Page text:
The EU Commission has asked the Brazilian government to stop all meat consignments from companies highlighted in that county’s ‘rotten meat’ scandal with immediate effect.
A Commission spokesperson confirmed that four of the 21 businesses implicated in the affair have EU export accreditation, adding: “There were intensive diplomatic discussions entered into between the EU and Brazilian authorities last weekend.
“The scandal puts a major question mark over Brazil’s ability to put in place an effective food traceability system.”
The spokesperson said that the EU will now ratchet up the number of physical inspections undertaken, where all food imports from Brazil are concerned.
“Fundamentally, this is a food safety issue. But if irregularities are identified courtesy of the physical checks that are carried out, the trade implications for Brazil will be significant,” he added.
Ulster Farmers’ Union president, Barclay Bell, said Brazilian meat imports into Europe should be blocked. This followed allegations of corruption and the sale of sub-standard meat from Brazil.
“I am shocked that Brazilian meat processors allegedly sold this meat, some of which was treated with carcinogenic products. It’s disturbing to hear that this has been happening for some time and that processors may have bribed government officials to secure hygiene certificates for this meat,” said Mr Bell.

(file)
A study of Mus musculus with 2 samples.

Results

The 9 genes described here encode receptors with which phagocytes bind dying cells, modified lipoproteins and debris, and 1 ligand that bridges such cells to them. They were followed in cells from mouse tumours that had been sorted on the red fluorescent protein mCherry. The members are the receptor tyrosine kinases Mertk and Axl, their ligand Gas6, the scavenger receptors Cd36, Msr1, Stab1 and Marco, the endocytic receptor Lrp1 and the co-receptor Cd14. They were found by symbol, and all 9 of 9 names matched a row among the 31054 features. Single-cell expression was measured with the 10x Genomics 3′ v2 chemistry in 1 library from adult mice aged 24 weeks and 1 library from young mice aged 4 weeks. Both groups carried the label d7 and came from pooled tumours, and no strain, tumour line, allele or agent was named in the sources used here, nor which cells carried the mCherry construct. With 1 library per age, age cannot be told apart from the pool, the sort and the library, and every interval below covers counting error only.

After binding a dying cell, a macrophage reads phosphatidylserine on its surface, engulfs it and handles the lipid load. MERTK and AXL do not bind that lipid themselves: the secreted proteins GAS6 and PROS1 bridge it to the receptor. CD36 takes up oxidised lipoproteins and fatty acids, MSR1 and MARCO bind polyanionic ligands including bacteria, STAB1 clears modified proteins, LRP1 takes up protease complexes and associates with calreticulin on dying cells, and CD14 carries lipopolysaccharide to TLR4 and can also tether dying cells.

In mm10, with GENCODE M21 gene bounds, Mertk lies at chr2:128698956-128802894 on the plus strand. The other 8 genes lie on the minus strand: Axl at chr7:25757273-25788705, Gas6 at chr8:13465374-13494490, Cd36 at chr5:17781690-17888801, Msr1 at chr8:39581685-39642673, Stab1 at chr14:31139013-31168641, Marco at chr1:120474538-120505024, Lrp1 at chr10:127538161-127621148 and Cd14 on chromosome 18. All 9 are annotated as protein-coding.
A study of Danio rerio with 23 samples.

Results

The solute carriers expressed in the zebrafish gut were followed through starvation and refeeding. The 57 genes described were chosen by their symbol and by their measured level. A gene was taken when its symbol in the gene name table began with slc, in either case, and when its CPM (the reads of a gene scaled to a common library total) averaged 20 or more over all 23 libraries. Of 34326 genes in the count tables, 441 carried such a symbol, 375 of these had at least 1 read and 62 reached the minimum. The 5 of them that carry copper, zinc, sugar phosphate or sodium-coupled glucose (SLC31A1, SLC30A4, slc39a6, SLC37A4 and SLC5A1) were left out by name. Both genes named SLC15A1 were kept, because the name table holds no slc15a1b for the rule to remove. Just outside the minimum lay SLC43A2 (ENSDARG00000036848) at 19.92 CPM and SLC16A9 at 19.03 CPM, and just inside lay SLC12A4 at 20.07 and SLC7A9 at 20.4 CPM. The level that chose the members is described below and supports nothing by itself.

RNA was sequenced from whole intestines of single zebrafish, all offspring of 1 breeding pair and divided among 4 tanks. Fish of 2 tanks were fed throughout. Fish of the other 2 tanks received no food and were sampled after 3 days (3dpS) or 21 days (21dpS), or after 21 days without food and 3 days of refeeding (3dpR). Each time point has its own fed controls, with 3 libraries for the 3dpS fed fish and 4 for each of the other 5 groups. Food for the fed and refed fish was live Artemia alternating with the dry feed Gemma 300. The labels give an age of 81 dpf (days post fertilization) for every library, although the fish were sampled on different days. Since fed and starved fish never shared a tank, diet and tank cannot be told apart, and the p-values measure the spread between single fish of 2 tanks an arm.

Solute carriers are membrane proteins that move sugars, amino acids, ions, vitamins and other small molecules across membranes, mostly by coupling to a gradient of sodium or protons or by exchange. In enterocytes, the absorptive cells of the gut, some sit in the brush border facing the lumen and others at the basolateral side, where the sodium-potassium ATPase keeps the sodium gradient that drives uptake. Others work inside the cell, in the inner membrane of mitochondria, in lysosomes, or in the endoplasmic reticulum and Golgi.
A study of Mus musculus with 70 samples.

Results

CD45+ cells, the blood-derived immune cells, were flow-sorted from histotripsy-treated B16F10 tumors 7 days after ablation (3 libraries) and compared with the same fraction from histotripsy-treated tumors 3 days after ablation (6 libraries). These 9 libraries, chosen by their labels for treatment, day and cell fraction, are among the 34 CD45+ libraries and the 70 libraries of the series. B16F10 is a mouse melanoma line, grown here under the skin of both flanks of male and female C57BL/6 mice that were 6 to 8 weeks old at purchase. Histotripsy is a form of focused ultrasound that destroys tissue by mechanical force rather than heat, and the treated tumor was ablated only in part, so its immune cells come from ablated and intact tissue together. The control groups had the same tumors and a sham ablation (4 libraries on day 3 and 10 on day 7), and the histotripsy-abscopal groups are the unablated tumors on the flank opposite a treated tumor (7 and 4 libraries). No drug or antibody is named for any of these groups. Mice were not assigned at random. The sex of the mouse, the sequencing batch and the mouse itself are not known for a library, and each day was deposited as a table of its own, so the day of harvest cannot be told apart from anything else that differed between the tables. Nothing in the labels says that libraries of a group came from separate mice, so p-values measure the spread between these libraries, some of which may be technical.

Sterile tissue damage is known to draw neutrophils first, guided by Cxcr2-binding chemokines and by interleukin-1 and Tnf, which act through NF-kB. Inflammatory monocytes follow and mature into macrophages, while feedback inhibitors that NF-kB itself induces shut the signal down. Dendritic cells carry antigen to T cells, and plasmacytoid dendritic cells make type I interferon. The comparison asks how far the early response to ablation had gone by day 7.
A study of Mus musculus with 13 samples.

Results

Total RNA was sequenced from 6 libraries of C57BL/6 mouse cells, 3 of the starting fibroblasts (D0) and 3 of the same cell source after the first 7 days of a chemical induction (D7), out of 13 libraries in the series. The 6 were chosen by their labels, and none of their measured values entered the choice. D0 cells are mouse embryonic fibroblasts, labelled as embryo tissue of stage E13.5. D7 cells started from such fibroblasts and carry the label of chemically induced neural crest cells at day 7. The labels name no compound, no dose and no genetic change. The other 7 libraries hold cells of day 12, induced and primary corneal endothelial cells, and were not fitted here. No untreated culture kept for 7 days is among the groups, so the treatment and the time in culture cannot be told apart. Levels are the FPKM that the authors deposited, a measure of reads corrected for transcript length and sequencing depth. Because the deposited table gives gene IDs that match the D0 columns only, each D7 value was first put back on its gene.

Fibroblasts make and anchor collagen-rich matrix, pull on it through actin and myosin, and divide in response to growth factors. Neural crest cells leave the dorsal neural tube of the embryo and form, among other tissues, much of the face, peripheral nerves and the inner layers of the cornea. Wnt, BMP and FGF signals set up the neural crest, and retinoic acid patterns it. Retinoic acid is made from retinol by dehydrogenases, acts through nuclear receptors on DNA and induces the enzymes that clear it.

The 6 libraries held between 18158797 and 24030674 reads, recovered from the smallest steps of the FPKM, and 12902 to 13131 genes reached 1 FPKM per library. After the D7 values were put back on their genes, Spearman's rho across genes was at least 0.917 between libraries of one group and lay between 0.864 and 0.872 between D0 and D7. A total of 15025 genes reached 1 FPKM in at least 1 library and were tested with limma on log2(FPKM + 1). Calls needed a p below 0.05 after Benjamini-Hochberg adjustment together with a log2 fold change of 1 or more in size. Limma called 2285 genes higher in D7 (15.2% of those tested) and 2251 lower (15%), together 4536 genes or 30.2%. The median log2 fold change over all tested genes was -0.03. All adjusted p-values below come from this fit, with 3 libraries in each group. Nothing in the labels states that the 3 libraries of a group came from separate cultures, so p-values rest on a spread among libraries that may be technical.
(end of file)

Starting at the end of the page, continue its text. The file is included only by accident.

The UFU president said this went against everything farmers here work to achieve, in terms of producing meat to the highest quality standards.
“This underlines the importance of consumers putting their trust in food sourced from farms in the UK, produced to world-leading quality and traceability standards,” said Mr Bell. He added that the response by the EU should be an immediate trade ban, to protect consumers while investigations continue.
Meanwhile, the NFU in England and Wales has highlighted the importance of securing trade deals which uphold the high standards of British food production amid allegations that Brazil’s biggest meat processors have been selling rotten beef and poultry for years.
The NFU says that Britain has one of the safest and most traceable food systems of any country in the world. Post-Brexit, it says, it is vital that trade deals which involve importing food products from other countries, such as Brazil, do not undermine this.
NFU President Meurig Raymond said: “Trade is an incredibly important issue for the future of British food in this country and for the people who produce it.
“News that the world’s largest red meat exporter could be involved in exporting rotten meat shows how important it is to have a secure and safe source of food in the UK.”